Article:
Village pond in 1960s
Andrew and Dury Map, note Albourn,(Al Bourn)
nineteen century photo. If you look at this photo closely there is a circular nature to the village, follow the line of the fence surrounding the ricks in the centre and a bank/ditch can be seen, probably the original saxon settlement?
which sits on a spur between two dry valleys feeding the perennial Ald stream flowing south to join the Kennet below Ramsbury. The spur overlooks to the west, the earliest, presumably pagan occupation site round manor farm, some mounds can still be seen in the pasture. At the centre of the modern village was at this period (pagan) a substantial pond or mini lake formed by a natural dam of sarsen debris washed down through the tributary valley...... so the old site was above winter flooding
Building of church; which by the way would have been wooden in the 7th/8th century(saxon presumably). Sarsen, hard cemented sandstone was available in quantity at the southern exit of the village, broken sarsen and flint were used in the rubble wall. Larger sarsen boulders provided a foundation layer, particularly for chalk walling...
Pevsner mentions the village situated around the village green with a pond at its centre, In the Domesday book, there is mention of four mills which would indicate that there was a lot of water around.
There are bronze age four barrows in the vicinity, see at the following link
It was stated that there was a well established church here in 966, which is most likely to have been a wooden one. In 1086 two hides of land belonged to the church, to support it and the priest. The early church was on the site of the present one, on higher ground, overlooking the village. By the mid-12th century there was a stone church with an aisled nave and, perhaps, a central tower; the south doorway and some masonry survive from this building. It is thought that a fire c.1220 damaged the church and it had to be rebuilt. The new church was cruciform in plan with a long chancel, a central tower and an aisled nave of 4 bays; the dedication was to St. Mary Magdalene.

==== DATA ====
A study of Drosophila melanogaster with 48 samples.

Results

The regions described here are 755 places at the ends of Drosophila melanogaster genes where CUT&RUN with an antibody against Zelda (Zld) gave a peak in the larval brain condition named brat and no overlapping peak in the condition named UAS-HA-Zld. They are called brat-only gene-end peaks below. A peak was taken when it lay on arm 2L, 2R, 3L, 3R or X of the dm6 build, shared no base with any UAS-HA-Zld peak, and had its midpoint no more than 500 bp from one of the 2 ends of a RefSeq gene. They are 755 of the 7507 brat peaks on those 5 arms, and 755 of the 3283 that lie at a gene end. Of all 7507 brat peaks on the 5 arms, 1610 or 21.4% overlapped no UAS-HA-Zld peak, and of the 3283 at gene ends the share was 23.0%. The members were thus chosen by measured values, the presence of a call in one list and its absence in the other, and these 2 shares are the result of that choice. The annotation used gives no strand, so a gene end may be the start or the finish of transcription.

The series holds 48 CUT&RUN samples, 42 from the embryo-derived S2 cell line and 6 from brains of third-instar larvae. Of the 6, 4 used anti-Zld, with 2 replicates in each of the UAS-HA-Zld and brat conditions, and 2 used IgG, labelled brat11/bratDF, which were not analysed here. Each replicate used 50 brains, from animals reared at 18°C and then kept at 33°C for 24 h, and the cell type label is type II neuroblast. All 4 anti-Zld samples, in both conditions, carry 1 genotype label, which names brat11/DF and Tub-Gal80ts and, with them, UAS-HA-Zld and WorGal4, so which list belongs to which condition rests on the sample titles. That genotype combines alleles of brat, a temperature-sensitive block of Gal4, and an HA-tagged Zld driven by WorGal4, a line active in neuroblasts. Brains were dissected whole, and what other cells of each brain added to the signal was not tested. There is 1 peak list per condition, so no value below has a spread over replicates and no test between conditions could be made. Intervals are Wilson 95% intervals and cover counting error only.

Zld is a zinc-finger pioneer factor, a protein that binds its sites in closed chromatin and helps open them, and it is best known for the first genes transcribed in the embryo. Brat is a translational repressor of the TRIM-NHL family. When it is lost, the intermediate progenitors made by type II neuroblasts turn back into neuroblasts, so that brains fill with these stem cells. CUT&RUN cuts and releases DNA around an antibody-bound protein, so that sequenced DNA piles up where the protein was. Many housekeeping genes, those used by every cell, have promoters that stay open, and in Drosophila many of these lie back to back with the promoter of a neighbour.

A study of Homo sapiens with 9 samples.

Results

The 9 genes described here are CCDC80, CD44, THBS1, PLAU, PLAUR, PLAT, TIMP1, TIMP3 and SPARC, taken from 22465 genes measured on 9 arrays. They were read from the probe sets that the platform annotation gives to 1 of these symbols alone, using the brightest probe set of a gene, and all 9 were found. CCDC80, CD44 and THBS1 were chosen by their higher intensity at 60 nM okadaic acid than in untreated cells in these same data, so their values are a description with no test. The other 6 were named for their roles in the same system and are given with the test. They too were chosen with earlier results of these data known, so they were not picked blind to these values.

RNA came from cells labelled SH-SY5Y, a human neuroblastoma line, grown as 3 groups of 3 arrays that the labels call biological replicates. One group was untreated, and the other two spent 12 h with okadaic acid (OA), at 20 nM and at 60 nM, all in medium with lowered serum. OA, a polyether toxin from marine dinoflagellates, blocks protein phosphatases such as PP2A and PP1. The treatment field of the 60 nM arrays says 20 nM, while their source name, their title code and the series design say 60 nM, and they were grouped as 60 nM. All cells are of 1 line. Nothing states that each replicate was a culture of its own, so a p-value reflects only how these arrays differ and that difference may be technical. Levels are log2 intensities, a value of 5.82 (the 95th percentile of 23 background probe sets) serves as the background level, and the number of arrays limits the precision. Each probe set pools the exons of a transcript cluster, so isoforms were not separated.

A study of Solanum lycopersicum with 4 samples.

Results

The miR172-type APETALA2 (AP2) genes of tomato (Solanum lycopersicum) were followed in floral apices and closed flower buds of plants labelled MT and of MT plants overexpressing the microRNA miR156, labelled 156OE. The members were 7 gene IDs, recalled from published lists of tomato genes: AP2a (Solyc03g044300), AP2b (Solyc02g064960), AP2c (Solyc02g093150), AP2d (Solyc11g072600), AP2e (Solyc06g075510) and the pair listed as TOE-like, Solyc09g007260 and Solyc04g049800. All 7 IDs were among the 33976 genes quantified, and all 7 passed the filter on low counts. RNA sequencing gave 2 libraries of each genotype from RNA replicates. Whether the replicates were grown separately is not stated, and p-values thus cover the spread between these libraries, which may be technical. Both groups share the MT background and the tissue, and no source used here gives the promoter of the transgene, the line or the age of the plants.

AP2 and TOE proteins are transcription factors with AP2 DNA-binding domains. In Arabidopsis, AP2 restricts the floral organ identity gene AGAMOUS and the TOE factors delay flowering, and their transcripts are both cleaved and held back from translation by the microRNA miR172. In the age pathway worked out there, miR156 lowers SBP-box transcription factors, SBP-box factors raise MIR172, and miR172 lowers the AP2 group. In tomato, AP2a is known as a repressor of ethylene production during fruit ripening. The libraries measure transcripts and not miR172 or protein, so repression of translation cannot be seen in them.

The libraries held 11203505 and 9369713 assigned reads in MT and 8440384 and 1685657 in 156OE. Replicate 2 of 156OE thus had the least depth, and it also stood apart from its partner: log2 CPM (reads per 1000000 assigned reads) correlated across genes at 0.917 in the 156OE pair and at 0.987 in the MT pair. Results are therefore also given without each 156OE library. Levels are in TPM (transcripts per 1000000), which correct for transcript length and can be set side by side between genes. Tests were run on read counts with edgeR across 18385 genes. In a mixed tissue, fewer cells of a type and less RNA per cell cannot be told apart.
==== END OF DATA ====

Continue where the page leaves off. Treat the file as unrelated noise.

The above comes from the Swindon records office, and there are finds of neolithic, bronze age and later of course Saxon. It follows a similar pattern to the Vale of Pewsey churches, and of course to Pewsey church, which also stands on higher ground above the river.
The fascinating thing about history is when you start to find patterns; we often study each particular time period without directly relating to the flow of settlement that occurs. Here at Aldbourne, there is neolithic, bronze age barrows in the surrounding area, and Saxon occupation. Much of this is because of the close proximity of the Ridgeway, early settlement in neolithic times round good water sources would start the process, the presence of sarsen drifts in the valley around Aldbourn, would predispose one to think of barrows and perhaps a circle being built. Stone was abundant in the area, nineteenth century maps record stones all round the village, and there is even a folklore tale to go along with one of the stones with a hole. Again called a 'blowing stone' similar to one but a few miles away, the tale having been imitated at Aldbourne.
But what is so interesting is the strong linking Saxon theme that is a part of the story round this area and around the rivers. Pewsey Vale is strongly marked by the old Pagan god, Woden, the two churches of Alton Priors and Alton Barnes within its valley, point to settlement by a river and streams, the 'holy' nature of the location is revered through a pagan period, but is then topped by a christian culture frightened of paganism and stamping its authority against the worship of 'natural' things whether they be stone or water.
The word Albourne on Andrew's and Dury's map, may point to a personal Saxon naming, Al, or Alfre stream, there are several namings on this map, Albourn Warren, Albourn Chace, Albourn South Wood. It may be an old parish boundary abounding the parish of Ogbourne St.George, another church that has pagan influences.